Business Continuity and Resilience
- Posted on: 9 April 2020
- Written by: John Burns
In the context of the Covid-19 (Coronavirus) outbreak, financial services regulators have been working with firms to ensure they are responding effectively to the threat of disruption. All firms are expected to have contingency plans in place to deal with major events. Regulators are actively reviewing these plans including firms’ ability to continue to operate effectively, serve and support their customers, and meet their regulatory obligations.
Prior to the current crisis, regulators and industry associations including the Bank of England, Prudential Regulation Authority (PRA), Financial Conduct Authority (FCA) and European Banking Association, had already issued guidelines and communications at the end of 2019 on strengthening business continuity and operational resilience in financial services, thereby already highlighting the importance of this topic.
Although business continuity and resilience are currently in the spotlight, these concepts are not entirely new. Customers expect services to be available whenever they are ready to complete a transaction. Client satisfaction suffers when a firm cannot provide the expected level of service, opening the door for competitors. A business continuity plan (BCP) is the process designed to enable a firm to maintain its critical activities when faced with potential disruptions arising from a range of sources such as natural or man-made disasters, terrorist or cyber incidents. A BCP is more comprehensive than traditional Disaster Recovery Plans (DRP) limited to the IT infrastructure, it also covers contingencies for personnel and business partners. Resilience is to do with designing applications and business processes for high availability.
The first and probably most critical step is conducting a rigorous Business Impact Analysis (BIA), which involves identifying the firm’s important business services, defining availability tolerances for these, and mapping the supporting resources (people, processes, technology and third-party providers). Firms then need to implement solutions to protect their people and assets, and to reduce the threat of disruption to an acceptable level, for instance, through technical security measures. This can pose challenges given the degree of interconnectivity across hybrid IT environments and reliance on outsourcing. Secondly, procedures must be developed to enable critical services to be maintained without disruption or resumed within acceptable timeframes. These procedures must be adequately documented and supported by training. Firms also need to have an effective communication plan in place to provide clear, timely and relevant communications to employees, consumers and other stakeholders in the event of an operational disruption.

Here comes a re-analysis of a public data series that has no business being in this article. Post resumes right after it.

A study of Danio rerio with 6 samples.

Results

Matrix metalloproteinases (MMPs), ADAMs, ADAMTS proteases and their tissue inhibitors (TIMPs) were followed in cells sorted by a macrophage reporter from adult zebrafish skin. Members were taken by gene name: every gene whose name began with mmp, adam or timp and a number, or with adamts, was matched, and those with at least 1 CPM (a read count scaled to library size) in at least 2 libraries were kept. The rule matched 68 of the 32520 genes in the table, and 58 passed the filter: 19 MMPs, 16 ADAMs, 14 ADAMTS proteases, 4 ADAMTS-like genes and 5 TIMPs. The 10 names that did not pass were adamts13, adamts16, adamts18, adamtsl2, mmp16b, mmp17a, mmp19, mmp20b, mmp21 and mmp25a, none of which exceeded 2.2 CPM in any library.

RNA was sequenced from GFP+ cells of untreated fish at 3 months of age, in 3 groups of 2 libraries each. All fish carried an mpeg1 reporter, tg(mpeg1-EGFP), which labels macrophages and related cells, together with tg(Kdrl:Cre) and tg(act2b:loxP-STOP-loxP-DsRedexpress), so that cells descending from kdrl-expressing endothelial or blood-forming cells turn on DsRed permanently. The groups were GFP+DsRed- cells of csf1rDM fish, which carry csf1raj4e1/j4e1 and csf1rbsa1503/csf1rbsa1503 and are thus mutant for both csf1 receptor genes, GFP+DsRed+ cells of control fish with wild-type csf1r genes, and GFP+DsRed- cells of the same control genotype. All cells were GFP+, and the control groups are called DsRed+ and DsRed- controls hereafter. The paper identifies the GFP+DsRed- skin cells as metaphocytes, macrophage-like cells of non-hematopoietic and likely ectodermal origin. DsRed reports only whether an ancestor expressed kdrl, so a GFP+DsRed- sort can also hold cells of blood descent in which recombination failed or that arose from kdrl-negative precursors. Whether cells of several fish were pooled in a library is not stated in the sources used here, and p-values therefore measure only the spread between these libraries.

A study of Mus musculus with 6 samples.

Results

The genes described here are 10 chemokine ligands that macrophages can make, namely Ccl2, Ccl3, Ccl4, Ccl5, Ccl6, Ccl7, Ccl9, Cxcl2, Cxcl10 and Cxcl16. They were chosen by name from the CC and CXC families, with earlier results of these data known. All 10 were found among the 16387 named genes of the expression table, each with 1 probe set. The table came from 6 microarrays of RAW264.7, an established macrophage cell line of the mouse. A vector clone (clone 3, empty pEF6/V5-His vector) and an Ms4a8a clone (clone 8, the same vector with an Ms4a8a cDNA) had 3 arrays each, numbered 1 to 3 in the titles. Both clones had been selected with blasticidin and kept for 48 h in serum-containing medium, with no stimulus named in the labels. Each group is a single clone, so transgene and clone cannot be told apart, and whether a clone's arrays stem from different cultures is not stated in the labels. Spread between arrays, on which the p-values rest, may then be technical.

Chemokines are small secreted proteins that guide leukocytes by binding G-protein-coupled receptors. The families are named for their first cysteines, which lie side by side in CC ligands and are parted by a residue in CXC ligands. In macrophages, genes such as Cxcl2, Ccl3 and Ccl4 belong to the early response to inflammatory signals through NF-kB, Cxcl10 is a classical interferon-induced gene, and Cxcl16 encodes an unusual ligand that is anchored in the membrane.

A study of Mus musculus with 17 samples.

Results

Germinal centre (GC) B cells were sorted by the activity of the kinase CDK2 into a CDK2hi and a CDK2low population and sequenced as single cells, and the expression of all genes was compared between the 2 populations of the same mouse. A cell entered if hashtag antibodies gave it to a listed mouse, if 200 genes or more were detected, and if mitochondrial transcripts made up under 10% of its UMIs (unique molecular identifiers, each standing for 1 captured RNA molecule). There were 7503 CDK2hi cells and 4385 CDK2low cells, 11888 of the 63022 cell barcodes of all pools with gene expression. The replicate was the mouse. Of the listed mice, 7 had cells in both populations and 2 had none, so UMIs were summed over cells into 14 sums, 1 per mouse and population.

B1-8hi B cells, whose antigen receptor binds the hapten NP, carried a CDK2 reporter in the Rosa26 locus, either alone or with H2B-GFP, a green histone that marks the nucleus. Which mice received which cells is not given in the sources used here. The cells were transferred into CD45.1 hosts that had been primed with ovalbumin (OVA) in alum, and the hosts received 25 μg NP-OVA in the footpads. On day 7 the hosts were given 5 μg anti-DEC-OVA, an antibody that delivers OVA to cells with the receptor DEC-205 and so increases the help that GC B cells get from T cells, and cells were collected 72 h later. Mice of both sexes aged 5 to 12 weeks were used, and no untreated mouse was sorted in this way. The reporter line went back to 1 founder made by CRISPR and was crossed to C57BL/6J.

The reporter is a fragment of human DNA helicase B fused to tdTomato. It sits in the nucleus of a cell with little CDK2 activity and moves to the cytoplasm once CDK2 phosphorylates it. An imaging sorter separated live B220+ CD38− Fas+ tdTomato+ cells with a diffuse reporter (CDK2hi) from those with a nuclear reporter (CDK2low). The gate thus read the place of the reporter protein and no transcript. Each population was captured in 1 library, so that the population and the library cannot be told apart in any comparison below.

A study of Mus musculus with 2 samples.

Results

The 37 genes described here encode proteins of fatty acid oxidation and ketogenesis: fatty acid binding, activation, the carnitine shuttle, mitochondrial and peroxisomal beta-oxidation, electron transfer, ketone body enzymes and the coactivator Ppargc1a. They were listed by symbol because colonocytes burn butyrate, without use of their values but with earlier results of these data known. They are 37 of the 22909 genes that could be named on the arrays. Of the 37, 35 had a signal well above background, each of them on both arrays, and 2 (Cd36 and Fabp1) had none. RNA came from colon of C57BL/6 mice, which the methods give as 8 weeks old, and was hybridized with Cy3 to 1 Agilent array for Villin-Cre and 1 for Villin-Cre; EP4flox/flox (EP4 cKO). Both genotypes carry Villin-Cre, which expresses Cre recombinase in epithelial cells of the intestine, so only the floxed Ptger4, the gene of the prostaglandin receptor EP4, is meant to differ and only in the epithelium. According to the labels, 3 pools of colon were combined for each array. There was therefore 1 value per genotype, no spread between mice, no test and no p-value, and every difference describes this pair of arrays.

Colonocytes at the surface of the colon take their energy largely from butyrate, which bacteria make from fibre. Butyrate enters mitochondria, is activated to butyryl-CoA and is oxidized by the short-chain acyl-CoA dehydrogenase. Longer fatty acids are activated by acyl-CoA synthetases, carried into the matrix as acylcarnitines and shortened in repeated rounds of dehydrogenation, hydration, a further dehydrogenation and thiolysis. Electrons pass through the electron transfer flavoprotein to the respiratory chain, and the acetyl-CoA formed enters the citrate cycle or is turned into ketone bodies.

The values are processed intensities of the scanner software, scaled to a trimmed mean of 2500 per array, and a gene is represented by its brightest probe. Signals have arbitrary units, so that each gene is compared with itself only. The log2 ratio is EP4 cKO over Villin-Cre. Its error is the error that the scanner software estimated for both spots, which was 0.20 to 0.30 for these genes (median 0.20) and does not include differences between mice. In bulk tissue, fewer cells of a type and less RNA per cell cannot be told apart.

The BCP should be reviewed and tested on a regular basis to ensure that it remains fit for purpose and keeps up with the pace of change. In particular, the BCP may not be effective and will need to be revisited to address new scenarios which were not initially foreseen and planned for, notably if a large portion of the population is affected by a disease outbreak.
Business continuity and resilience good practices therefore include:
- Conducting a comprehensive Business Impact Assessment
- Implementing Disaster Recovery countermeasures to mitigate the risk of any disruptions to the infrastructure, including consideration of Disaster Recovery as a Service (DRaaS)
- Documenting the Business Continuity Plan in sufficiently granular detail
- Implementing a crisis management and communication plan to be triggered in the event of a disruption
- Keeping the plans up-to-date and testing these on a regular basis
Compliancy Services can support you in conducting your Business Impact Assessment and in reviewing your Business Continuity and Resilience arrangements.
To find out more, please contact us on firstname.lastname@example.org to book a discussion with one of our experienced consultants.